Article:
COS 122-10
Fire severity effects on forest soil C and N in northern Minnesota, USA

Friday, August 9, 2013: 11:10 AM
L100C, Minneapolis Convention Center
Jessica R. Miesel, Forestry, Michigan State University, East Lansing, MI
Randall K. Kolka, Northern Research Station, USDA Forest Service, Grand Rapids, MN
Philip A. Townsend, Department of Forest and Wildlife Ecology, University of Wisconsin - Madison, Madison, WI
William C. Hockaday, Geology, Baylor University, Waco, TX

Fire is a key natural disturbance in the Laurentian mixed forests of the Great Lakes region, USA. Recent patterns of prolonged regional drought suggest that the ecological effects of wildfire may become increasingly severe due to increased forest susceptibility to fire.  Although soil organic matter content and characteristics are important controls on post-fire forest soil nutrient availability and forest recovery, our current understanding of how contrasting levels of fire severity influence soil organic matter is limited. The 2011 Pagami Creek wildfire in northern Minnesota was a historical fire event and resulted in a range of fire severity levels determined via remote sensing and field measurements. To evaluate the effects of fire severity on forest soil organic matter, we quantified post-fire (October-November 2011) total soil carbon (C) and nitrogen (N) using elemental analysis, and black (pyrogenic) C using nuclear magnetic resonance (NMR) spectroscopy in areas classified as low to high fire severity.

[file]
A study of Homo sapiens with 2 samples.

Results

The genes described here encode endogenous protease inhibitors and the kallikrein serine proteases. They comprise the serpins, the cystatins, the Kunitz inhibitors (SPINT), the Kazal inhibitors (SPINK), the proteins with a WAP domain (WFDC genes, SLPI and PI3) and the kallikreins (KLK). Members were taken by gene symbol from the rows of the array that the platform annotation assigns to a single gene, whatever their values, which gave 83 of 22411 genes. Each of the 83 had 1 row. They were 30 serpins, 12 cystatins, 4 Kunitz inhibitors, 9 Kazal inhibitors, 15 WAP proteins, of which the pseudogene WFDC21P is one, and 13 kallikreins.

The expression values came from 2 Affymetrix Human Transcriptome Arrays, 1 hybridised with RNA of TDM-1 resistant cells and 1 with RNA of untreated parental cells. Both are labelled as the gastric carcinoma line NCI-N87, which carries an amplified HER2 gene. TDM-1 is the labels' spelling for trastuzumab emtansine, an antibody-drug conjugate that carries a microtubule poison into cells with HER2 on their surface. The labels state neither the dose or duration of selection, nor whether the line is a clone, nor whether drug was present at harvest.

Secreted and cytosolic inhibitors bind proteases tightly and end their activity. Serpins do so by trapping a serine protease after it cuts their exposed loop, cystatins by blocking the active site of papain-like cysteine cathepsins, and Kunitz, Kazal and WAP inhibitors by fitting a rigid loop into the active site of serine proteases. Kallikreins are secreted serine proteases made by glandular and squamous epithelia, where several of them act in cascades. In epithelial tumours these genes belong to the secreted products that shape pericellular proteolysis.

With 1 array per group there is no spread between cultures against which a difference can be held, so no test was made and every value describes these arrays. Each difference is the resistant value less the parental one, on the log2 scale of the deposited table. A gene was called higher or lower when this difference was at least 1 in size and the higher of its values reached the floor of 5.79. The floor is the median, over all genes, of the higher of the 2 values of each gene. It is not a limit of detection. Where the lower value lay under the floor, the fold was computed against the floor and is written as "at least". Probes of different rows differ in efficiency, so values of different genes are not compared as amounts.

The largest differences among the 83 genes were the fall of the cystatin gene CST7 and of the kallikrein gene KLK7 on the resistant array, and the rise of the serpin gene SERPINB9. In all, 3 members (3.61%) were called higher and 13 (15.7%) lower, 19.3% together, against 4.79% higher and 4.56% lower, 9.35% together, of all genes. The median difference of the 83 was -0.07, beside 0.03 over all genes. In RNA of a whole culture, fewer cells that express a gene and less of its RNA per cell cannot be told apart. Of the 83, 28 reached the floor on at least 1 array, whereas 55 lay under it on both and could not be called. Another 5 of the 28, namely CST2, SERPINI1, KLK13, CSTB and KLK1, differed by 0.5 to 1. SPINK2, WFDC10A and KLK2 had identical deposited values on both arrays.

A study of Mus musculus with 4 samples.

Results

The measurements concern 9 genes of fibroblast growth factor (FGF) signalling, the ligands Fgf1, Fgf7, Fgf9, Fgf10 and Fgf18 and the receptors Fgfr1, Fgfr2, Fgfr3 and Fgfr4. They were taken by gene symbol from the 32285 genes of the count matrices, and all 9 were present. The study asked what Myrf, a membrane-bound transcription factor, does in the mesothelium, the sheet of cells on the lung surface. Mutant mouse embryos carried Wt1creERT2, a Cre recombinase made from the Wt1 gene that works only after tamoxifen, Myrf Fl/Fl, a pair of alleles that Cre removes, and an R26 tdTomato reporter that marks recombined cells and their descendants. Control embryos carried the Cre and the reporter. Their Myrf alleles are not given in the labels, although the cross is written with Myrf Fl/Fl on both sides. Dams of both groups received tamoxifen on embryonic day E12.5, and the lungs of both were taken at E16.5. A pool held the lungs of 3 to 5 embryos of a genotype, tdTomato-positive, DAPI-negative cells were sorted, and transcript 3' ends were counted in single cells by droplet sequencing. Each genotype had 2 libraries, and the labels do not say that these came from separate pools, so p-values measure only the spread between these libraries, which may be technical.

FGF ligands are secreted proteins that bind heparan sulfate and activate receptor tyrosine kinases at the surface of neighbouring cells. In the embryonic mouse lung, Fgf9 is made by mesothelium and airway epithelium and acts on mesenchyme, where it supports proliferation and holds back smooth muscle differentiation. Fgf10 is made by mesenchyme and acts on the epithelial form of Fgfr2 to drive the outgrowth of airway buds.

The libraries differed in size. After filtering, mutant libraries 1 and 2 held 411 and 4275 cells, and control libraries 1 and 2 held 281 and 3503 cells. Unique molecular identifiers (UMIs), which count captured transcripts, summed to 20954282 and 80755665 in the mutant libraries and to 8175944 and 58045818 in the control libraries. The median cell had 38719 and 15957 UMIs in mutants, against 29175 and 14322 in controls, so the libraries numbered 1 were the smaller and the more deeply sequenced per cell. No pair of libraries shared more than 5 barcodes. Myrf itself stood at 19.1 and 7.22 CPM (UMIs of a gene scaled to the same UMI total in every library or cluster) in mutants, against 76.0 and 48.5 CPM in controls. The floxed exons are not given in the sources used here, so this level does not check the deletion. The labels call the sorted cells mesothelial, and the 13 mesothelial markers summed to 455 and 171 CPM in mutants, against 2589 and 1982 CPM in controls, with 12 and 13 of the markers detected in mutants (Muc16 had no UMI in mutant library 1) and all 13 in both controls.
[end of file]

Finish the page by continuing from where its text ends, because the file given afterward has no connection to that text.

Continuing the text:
Relative to unburned reference soils, soil total C content in the organic soil layer decreased in high-severity areas, whereas no significant effect occurred in low- or moderate-severity areas. There were no effects of fire or fire severity level on soil total C content in the 0-10 cm or 10-20 cm mineral soil depths, or on soil total N content in organic or mineral soil.  Fire decreased soil C:N ratio in organic and mineral soil layers. The magnitude of fire effect on soil C:N ratio increased with fire severity in the organic soil layer, and decreased with depth. Results on pyrogenic C content and relationships with soil total C and N contents, and C:N ratio will be presented.  Our results indicate that fire effects on soil C content and C:N ratio are limited primarily to the organic soil layer, and that effects on mineral soil are minimal. These results represent short-term fire effects, and provide a baseline for evaluating longer-term effects due to altered organic matter composition. Understanding the environmental effects of forest fire as a function of fire severity is critical for developing appropriate forest management policies and practices that minimizing detrimental effects and promote long-term resilience of fire-prone forests.